By Will Mancini
Every leader desires to see vision become reality, but the real challenge of translating vision to reality is clarity. It is both more fundamental and logically prior to other discussions. When building a house, you don’t run out and buy two-by-fours before you draw a blueprint.
What is clarity really about? It means being free from anything that obscures, blocks, pollutes or darkens. Being clear as a leader means being simple, understandable and exact. Leaders constantly bring the most important things to light: what the current reality and future possibilities are, what God says about them and what we need to do about them.
We might say clarity is the fuel that runs the twin engines of vision and action. Think about it for a minute. Aren’t communicating vision and taking action only as good as they are first, clear? Clarity is the golden thread that links the two.
Let’s consider further the benefits of clarity.
Clarity makes direction unquestionable.
Followers cannot travel an unmarked path. Does your church have many missions or just one? Does your ministry team exist for a purpose or not? If you can state it, don’t just tell me what it is: be so clear about it that the very articulation will generate a gravitational pull. You must have clarity if you want to make the way deﬁnable and obvious.
Clarity makes enthusiasm transferable.
When a leader leads, there is always an exchange of enthusiasm. Clarity is the moment when a follower gets it. The very experience of capturing a clear idea or mission makes people want to share it. When passion and a clear idea are wed, the passion can more easily spread. Cascading contagion requires clarity.
Clarity makes work meaningful.
Tasks easily become routine—dull, hollow and void of signiﬁcance. Clarity can lift the mind’s eye to a greater reality. There can be no cultivation of meaning without clarity.
Clarity makes synergy possible.
Collaboration is lost to sideways energy every day in the local church. Why? The three reasons I see most are mistrust, personal ego and lack of strategic clarity. Leaders rarely clarify what working together really looks like. Breaking ministry silos requires clarity.
Clarity makes success deﬁnable.
Everyone wants to be a winner. But in too many churches, people don’t know how to win. Where is a scorecard I can carry that lets me know if I am making a difference? Painting the picture of victory and unleashing people’s drive for achievement requires clarity.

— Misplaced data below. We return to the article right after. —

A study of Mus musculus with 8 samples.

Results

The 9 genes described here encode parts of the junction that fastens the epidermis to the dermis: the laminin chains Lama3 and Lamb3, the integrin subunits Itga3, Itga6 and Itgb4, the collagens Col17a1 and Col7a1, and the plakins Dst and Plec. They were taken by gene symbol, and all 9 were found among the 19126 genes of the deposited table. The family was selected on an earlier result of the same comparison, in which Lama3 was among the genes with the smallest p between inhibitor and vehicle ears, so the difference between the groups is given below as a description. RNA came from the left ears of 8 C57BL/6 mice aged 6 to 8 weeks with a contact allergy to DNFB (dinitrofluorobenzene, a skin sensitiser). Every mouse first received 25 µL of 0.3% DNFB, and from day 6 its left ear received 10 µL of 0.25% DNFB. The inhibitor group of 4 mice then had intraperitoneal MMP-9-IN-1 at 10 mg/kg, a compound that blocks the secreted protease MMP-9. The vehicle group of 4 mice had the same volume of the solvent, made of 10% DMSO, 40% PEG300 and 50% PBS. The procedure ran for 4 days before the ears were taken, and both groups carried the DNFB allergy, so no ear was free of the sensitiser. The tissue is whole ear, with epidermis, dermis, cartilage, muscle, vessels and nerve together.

Clarity makes focus sustainable.
Henry Ford said the great weakness of all human beings is trying to do too many things at once. How does a leader or organization learn to say no to the good things that are the enemy to the best? If the secret to concentration is elimination, you can’t do it without clarity.
Clarity makes leadership credible.
The silver bullet syndrome has left many leaders impotent. Firing one disconnected idea after the next, year after year, leaves church members cautious at best and disillusioned at worst. Real visionary leadership is not about having a bunch of creative ideas; it is about having creativity that builds momentum over time. Leaders earn more confidence with clarity.
Clarity makes uniqueness undeniable.
Many church leaders get stuck photocopying vision from other churches. But the leader’s role requires stewarding what God has uniquely given and being in tune with what God is uniquely doing. The first step for a leader is to draw attention to this uniqueness, make it obvious, make it attractive and show how remarkable it is. There is no appreciation of uniqueness without clarity.
Clarity makes uncertainty approachable.
To fear the future is to be human. It can paralyze people and deter them from living with courage and investing into kingdom initiatives. Questions such as “What will happen to my children?” or “How many people will the church plant reach next year?” retain uncertainties. The leader can combat uncertainty with clarity that inspires hope and expectation. Leading people to rally around a better future, albeit unknown, requires clarity.
Clarity—The real challenge
I’ve found that much of what happens in the name of vision and planning does not necessarily bring clarity. I grieve when I watch teams try to find solutions to their challenges—whether it is hiring the next staff, launching a new service time or multi-site or turning around a situation in decline—without first finding clarity.
If clarity is so crucial, how can you know when you have it? I would suggest a simple five-point test. Leading with clarity is evidenced when people can enthusiastically answer five irreducible questions:
- What are we doing?
- Why are we doing it?
- How are we doing it?
- When are we successful?
- Where is God taking us?
The answer then is not a new tool, but a new toolbox. The keys to open it are found in clarity. With a commitment to clarity first, any leader can maximize the twin-engines of vision and action. Only then, will he or she walk out of daydreams and nightmares with a vibrant vision that creates a better future.